Laundry and warewashing systems lend themselves easily to IoT capabilities. They already draw from an electrical power supply and tend to already be equipped with sensors, microprocessors and digital memory.

Other chemical proportioners, however, lack this advantage. Much of their value comes from the ability to operate off of a running water connection or mechanical action.

“In the future, determining how to power such devices economically — potentially with batteries — is a barrier that will need to be overcome,” says Goetz.

Manufacturers say that chemical proportioning systems will continue to evolve and push the boundaries in other ways as well.

“We think IoT will also enable more accurate dispensing in the future by monitoring the dilution rates in real time and potentially providing the ability to adjust flow in real time,” says Boscher.

Other future intriguing possibilities include the ability to automatically control chemical inventory by tying dispensers into site enterprise resource planning (ERP) or inventory control systems. Then, if a chemical is beginning to run low, the dispenser automatically triggers an order for more.

Manufacturers should focus on must-have features like proof of delivery of chemicals, chemical dilution accuracy and programming management in the coming years, says Clarkson.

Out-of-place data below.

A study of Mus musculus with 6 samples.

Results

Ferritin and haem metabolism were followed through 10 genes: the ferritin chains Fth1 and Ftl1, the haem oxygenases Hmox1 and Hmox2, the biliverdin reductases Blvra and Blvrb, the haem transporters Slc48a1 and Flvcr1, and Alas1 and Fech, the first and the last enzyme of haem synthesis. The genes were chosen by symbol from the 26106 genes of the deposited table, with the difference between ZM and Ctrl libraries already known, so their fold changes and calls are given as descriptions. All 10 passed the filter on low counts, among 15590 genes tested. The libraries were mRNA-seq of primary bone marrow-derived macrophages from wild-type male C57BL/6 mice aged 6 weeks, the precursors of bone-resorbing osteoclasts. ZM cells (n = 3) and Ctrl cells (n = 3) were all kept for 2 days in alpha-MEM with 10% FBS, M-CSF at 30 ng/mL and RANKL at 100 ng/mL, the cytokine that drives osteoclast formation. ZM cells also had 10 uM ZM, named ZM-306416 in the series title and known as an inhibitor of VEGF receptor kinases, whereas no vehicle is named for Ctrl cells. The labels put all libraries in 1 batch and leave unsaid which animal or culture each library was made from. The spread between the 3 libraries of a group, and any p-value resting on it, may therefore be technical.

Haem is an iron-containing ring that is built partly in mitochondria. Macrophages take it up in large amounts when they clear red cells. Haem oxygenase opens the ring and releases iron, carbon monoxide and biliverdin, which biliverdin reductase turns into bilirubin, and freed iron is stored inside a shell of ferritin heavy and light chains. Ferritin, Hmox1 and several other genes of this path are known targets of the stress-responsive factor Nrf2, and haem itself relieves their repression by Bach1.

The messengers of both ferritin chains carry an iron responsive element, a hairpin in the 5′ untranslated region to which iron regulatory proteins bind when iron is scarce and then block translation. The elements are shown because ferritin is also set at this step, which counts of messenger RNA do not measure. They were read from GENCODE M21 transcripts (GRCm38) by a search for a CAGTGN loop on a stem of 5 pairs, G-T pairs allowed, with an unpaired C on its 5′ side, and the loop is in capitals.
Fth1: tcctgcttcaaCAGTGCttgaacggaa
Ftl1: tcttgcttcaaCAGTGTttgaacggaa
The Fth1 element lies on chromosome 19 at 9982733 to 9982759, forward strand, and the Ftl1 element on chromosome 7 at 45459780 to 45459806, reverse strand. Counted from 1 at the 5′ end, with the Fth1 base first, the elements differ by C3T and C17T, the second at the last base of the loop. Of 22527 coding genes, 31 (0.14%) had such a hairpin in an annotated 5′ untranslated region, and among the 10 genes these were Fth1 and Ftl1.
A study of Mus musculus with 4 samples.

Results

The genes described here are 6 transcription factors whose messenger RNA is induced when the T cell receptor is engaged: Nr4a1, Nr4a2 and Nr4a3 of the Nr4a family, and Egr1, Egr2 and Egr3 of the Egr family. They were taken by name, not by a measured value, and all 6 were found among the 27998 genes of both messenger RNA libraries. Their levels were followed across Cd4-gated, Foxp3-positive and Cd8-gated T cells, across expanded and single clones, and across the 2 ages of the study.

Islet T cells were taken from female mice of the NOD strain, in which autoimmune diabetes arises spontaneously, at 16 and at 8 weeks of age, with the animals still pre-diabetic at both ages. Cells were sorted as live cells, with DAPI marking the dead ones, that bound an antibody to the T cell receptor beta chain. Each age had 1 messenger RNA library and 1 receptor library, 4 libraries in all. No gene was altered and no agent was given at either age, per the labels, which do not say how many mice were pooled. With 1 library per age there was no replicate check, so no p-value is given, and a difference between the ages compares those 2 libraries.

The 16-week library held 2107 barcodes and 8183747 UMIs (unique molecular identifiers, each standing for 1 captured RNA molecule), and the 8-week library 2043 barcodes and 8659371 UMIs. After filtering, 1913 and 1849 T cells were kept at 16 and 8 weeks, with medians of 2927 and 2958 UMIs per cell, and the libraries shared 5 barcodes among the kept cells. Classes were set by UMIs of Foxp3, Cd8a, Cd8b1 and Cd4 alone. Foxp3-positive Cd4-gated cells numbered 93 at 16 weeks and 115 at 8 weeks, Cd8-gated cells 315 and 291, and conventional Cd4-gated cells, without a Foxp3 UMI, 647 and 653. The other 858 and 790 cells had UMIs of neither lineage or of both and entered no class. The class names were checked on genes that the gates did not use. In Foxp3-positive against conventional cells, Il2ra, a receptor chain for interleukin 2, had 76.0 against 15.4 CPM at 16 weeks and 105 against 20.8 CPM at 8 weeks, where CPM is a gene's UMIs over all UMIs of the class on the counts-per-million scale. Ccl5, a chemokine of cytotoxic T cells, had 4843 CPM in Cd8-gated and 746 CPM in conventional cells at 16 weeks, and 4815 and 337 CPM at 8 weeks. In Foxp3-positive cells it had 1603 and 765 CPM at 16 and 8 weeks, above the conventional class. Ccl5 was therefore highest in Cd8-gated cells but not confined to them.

“Our industry is smart and doesn’t accept products that don’t truly offer a benefit,” he says. “If the feature is nice to have and doesn’t provide a true value, IoT won’t be successful.”

The cleaning industry is a well-established marketplace with a long history of norms and processes. But as IoT makes the overall industry smarter, Clarkson expects more decisions to be made on costs over a lifetime rather than up-front costs.

“If I could sell you a dispenser than would cost 20 percent more but reduce your typical service calls by 50 percent wouldn’t you consider it? Operations managers will start to see the benefits and demand smarter equipment,” says Clarkson.

IoT’s Proportioner Challenges

As many advantages as IoT offers, there are some challenges to the technology. For IoT-enabled chemical proportioner systems, one of the biggest drawbacks is the challenge associated with installation.

“It’s no secret in our industry that many of the install points for wall-mounted machines such as warewash, laundry and proportioning equipment are located internally to the building, often near stairwells and in basements — all the hardest places to get a good Wi-Fi or cellular signal,” says Clarkson. “Being able to connect to a wireless network or having a strong cellular signal are must-haves for IoT to work successfully. Having an IoT-enabled dispenser with spotty and limited access would benefit nobody.”

The price associated with adoption is another hurdle IoT systems face. There is an additional expense that chemical providers or end users have to bear to cover Wi-Fi setup or expansion, data plans, and more.

Once those obstacles are dealt with, facility managers then must determine what to do with all the data that is collected.

Manufacturers say that forward-thinking companies are working with data scientists to help analyze and uncover underlying performance opportunities.

“The true power will be realized,” says Boscher, “when business teams invest in these analytics resources to mine the data or hire consultants to mine the data.” 

Nick Bragg is a freelance writer based in Milwaukee. He is a former Deputy Editor of Sanitary Maintenance.